If lying by the swimming pool is too dull for your holidays, but you still want some sun then consider exploring part of the Silk Route. You get stunning weather, but also have centuries of history and a soupçon of adventure thrown in. Currently Armenia is a little known holiday destination for most Brits, but that is changing. It won’t be long until everyone has sold their villa in Tuscany and is trying to buy a caravanserai in Gegharkunik. You heard it here first.
This is a spectacular part of the world. Two thousand years ago you’d have had to buy a camel or two to make the journey, and say goodbye to your family for months. Now you can fly to Armenia and the family can come too. If you enjoy the mountain passes of the Alps then Armenia will give you something to write home about, if you can find a shop that sells stamps.
The caravanserai on the Selim pass is the best preserved of its kind in Armenia, although it was renovated in 1959. It was built by the Orbelian family in 1332 as a refuge for travellers and their animals as they traversed the Sulema mountains. Designed to protect the inhabitants from outside attack, the only entrance is the door to the right, and the only sources of light inside are shafts in the ceilings. Built from basalt it is basically one 41 metre long hall divided into three aisles where people and their animals would have sheltered together.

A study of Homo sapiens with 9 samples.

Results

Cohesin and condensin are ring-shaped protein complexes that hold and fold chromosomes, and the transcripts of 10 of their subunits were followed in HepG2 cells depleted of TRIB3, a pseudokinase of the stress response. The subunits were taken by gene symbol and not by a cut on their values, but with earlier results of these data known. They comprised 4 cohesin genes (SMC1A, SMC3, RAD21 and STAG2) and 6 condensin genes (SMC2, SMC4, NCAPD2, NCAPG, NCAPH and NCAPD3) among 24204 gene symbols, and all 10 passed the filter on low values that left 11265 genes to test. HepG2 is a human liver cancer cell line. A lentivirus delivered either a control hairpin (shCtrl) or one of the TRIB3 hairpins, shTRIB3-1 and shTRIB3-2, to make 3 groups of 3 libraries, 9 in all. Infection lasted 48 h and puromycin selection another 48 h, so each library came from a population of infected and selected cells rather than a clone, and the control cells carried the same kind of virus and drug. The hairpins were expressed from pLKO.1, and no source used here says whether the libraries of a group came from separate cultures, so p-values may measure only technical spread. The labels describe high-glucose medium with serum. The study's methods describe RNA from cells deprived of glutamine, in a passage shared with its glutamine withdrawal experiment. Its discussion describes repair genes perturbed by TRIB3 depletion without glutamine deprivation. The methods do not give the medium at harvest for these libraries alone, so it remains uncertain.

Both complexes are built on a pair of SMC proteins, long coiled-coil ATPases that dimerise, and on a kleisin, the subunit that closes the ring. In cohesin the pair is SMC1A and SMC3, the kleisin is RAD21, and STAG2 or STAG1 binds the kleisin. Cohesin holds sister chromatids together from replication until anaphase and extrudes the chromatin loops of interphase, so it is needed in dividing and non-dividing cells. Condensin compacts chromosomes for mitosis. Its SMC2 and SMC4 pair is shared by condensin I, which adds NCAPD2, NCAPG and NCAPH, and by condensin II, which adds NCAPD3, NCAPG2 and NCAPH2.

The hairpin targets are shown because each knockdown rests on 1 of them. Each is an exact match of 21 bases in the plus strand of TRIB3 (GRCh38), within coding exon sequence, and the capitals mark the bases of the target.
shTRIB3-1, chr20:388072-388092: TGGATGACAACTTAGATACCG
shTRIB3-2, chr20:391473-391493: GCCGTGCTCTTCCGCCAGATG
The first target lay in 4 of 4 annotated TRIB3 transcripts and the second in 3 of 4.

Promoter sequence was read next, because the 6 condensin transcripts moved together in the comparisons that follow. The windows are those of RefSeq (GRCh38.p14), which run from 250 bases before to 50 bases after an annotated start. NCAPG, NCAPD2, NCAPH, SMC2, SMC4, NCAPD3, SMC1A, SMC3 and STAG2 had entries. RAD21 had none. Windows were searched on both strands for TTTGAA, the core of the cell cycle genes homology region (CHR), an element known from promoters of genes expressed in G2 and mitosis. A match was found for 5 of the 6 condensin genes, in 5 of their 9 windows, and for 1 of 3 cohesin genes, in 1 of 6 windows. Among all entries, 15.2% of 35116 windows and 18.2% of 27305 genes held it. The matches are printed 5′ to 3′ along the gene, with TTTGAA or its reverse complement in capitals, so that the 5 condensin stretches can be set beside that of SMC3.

This is just one example of the medieval buildings you can experience when travelling around Armenia along the network of routes linking Asia with Europe. Located between Gegharkunik and Vayots Dzor marz this caravanserai is on the ancient Dvin-Partav trade route, but you will find other exquisite places all over Armenia.
The ancient buildings are amazing, but the natural scenery and the evening sun on the Silk Route is a marvellous sight. It makes you wish you had a suitcase full of ultramarine to sell in Venice.